What are infrastructure transition pathways?
Transition pathways set a course toward shifting infrastructure development and service delivery to achieve decarbonisation and global climate targets in the push toward net zero and realising the UN Sustainable Development Goals (SDGs).
Why are infrastructure transition pathways important?
Infrastructure influences most of the SDGs and is responsible for 79% of total greenhouse gas emissions and 88% of adaptation costs. Significant and fast changes in infrastructure development and service delivery are needed. These changes can include shifts towards certain types of infrastructure assets and services or shifts away from other assets and methods for service delivery. Currently, there is limited awareness of what these changes (i.e. infrastructure transition pathways) should be. There is also a lack of transparency of current long-term infrastructure priorities for each of these changes.
There is an urgent need for clear links between national, long-term infrastructure plans and the climate goals and SDGs. G20 governments are incorporating infrastructure transition pathways into long-term infrastructure plans, with most governments focusing on the pathway of ‘substantially increasing the share of renewable energy’.
How many infrastructure transition pathways are there?
‘Infrastructure transition pathways’ can be identified in many ways. For this work, infrastructure transition pathways are qualitative statements that reflect the changes needed in infrastructure development and service delivery to achieve global climate and United Nations SDG targets. The transition pathways were based on those commonly observed across G20 economy infrastructure plans.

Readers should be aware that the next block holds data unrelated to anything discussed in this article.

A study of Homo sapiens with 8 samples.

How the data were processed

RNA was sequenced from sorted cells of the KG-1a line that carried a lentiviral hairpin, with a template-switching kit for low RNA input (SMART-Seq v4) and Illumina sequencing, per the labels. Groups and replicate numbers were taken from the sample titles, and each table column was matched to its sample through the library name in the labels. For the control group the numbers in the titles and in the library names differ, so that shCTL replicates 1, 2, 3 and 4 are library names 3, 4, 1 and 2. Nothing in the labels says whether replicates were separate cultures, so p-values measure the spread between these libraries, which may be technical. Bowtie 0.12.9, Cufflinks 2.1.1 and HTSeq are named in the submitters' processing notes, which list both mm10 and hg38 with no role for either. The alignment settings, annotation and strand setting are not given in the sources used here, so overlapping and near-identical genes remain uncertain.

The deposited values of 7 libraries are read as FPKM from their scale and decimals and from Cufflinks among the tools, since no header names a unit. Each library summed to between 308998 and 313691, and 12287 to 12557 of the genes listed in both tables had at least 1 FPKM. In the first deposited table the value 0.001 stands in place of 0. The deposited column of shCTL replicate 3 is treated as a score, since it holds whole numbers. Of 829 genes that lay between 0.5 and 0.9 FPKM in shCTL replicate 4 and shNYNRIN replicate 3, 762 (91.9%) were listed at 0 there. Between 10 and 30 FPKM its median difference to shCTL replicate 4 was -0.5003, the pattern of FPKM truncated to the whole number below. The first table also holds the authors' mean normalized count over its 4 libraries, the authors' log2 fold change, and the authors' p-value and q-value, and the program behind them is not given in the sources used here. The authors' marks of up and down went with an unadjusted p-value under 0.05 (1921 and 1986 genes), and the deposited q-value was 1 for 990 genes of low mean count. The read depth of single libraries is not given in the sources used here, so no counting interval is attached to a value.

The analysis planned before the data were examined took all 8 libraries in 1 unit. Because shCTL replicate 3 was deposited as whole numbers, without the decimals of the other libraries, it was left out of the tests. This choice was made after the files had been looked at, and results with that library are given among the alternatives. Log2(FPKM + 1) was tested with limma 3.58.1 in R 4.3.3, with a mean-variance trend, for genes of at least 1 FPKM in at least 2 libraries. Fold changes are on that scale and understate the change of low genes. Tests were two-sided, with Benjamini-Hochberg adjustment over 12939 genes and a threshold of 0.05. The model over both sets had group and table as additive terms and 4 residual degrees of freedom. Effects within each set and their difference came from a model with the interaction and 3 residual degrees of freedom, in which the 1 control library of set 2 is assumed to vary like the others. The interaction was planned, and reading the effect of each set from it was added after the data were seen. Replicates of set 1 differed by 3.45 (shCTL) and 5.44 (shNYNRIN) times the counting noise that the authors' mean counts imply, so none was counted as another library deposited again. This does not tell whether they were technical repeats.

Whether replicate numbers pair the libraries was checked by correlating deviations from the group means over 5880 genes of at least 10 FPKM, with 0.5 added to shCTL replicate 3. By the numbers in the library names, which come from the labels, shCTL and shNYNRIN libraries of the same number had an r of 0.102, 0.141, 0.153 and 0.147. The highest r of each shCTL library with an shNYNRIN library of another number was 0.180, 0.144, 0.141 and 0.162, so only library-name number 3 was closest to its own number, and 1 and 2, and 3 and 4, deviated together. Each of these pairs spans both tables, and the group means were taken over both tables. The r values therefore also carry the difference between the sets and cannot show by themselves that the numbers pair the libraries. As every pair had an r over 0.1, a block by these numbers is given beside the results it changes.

We've identified 15 transition pathways across categories including: increase the share of renewable energy, increase the share of low-emissions vehicles, increase technological carbon removal, replace coal in power generation with low carbon non-renewables, increase the operational efficiency of buildings, and reduce the carbon intensity of steel and cement production.
About this report and our work
The GI Hub prepared a report for the G20, examining what governments are doing to incorporate infrastructure transition pathways into their infrastructure plans and achieve more sustainable future infrastructure.
The objective of this work was to fill two information gaps:
- Identify the infrastructure transition pathways to achieve global climate and SDG targets.
- Gain access to data insights from infrastructure plans on long-term infrastructure priorities and their alignment with infrastructure transition pathways.
By filling these gaps, the report aimed to create greater transparency to support private sector investment in sustainable infrastructure and guide policymakers and practitioners as they develop their infrastructure strategies.
From the analysis we prepared for the G20, we distilled 15 broad actions – or transition pathways – that must be taken for infrastructure development and delivery to advance achievement of climate targets and SDGs. We are continuing to develop and release this work for use by governments and industry, while continuing to progress our research in consultation with stakeholders. You can see the work at Transition Pathways for Sustainable Infrastructure.